Sunday, 30 November 2008

Buy to let - investors keep piling in

It is hard to believe, but the number of buy to let mortgages increased in the third quarter of 2008. The total number of BTL loans stands and 1,134,000. BTL investors now account for 11.1 percent of the mortgage market.

The warning signs for BTL investors are screaming red; house prices are falling, and so are rents, why would anyone jump into such an investment? Can someone help me here?

14 comments:

Anonymous said...

Do we have any idea who these investors are?

It amazes me how many people think this is a short term slump.

My brother in-law just the other day was advise his friend that he was marketing is house for too little and should not accept the £5000 low offer saying he should up the price. These people are just not accepting the dier nature of the present situation!

Mitch said...

lemmings all.

Anonymous said...

Who is gonna bet, much of the money being used to finance these purchases, is derived from the money the Government is forcing the banks to lend.

The question is, I suppose, who is getting the money, wouldn't by any chance be those sympathetic to the government do you suppose?

If you don't ever expect to pay the money back, you don't care the likely rate of return.

RenterGirl said...

People will not let go of their obsession with owning property as an investment. Around my way, some deluded landlords are still trying to ramp up rents (even in Dovecot Towers, for anyone who knows about that.) It makes sense to buy at auction, where prices have reached realistic levels, but elsewhere, it's very stupid. But it's not a short term slump is it? This could last for 20 years, or indeed, with buy-to-let newbuilds, forever.

Anonymous said...

The sums still don't work. Nationwide has an amazing 4.7% variable rate (not for buy-to-lets) - but even at that rate one can't cover the mortgage with the rent at present prices - at least not where I'm living! A small monthly loss and maintenance costs. What's the point?

...unless the currency is about to inflate badly?... mmmm...

B. in C.

Anonymous said...

They are everywhere. Last night I was informed that my idiot mate is borrowing half a million using existing property as collateral because "the market could turn at any moment".
I said my opinion but apparently that is his plan.

mike said...

It is likely (in my opinion) that these btl'ers acquired dirt cheap houses at auction. That would be one reason for the increase in btl mortgages. It's just possible these people are taking up repossessions at auction, etc, and even getting 50%+ off the market price. This is one reason not to go to an estate agent if you are looking for a property.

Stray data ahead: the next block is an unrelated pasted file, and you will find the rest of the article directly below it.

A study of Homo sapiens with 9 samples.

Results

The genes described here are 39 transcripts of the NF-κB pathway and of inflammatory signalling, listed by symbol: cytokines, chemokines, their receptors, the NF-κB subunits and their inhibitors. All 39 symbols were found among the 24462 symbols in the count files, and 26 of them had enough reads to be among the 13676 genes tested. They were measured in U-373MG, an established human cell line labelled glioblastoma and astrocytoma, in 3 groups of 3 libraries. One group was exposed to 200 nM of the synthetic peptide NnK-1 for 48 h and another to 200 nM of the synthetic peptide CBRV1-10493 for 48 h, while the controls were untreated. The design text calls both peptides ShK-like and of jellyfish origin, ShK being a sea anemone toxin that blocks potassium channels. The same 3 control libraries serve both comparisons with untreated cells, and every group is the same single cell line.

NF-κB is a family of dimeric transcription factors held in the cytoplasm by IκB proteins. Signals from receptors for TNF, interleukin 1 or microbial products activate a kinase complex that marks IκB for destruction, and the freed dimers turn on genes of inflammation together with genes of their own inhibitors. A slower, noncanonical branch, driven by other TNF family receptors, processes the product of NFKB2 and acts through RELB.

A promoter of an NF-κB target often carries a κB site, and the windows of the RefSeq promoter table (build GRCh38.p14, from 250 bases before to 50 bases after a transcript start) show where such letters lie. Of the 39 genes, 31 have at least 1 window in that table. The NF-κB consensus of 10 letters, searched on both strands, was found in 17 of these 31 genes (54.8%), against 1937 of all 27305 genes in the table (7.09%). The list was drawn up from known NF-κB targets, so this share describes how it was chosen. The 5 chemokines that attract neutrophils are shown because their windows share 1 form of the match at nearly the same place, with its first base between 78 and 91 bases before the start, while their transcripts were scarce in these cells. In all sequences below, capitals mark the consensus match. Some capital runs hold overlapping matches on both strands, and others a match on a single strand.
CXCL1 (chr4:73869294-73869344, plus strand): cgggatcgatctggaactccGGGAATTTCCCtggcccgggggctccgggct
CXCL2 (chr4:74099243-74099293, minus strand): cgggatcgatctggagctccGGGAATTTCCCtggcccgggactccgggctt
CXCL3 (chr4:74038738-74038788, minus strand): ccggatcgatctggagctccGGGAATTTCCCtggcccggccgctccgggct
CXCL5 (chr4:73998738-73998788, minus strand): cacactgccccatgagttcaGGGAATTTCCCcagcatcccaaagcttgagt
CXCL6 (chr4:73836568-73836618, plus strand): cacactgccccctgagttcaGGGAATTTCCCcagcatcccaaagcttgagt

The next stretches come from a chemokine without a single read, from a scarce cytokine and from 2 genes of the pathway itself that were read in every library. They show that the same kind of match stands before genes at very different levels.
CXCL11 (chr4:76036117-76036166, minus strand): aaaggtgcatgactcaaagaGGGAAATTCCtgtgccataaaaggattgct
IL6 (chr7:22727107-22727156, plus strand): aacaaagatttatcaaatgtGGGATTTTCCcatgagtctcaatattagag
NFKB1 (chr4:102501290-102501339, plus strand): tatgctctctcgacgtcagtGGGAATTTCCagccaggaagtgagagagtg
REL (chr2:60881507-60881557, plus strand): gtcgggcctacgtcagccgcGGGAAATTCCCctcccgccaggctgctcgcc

Anonymous said...

Land Registry ignores auction prices (crazy but true), so it falsely appears that you get a bargain at auction, rather than just setting the true market price.

GC said...

I agree with B. in C., interesting what i just read over at Naked Capitalism.. http://www.nakedcapitalism.com/2008/11/blog-post.html..

K T Cat said...

Here in San Diego, there are tons of perfectly rentable low-end houses in good locations for sale at low prices. With a proper down payment, an average rent will cover the mortgage, or close enough. It's a good time to get into the rental market as an owner. Times like this (at least in San Diego) a very rare.

I've got a friend who has three such properties, bought in previous crashes. He's got a fantastic retirement nest egg built up on almost no investment at all.

electro-kevin said...

I can see the logic in buying at auction and having a long-term plan ... but a "market could turn at any moment" ?

Naaah !

Surely a better plan would be to pay off existing debts, realise assets if you can and make a sharp exit to a more sensible country than this one.

Anonymous said...

But if its not your money you are putting up, whats the problem. It goes t#ts up its the banks problem, it goes all right you win.

Its not an entirely stupid gamble when you lose nothing by taking it.

Blue Eyes said...

Because with interest rates so low, rents are still more than the interest payment?

The Money Ferret said...

Yeah the situation is simply horrifying. Another interesting post "Buy to let Time Bomb" is published by http://www.themoneyferret.co.uk/blog/index.php.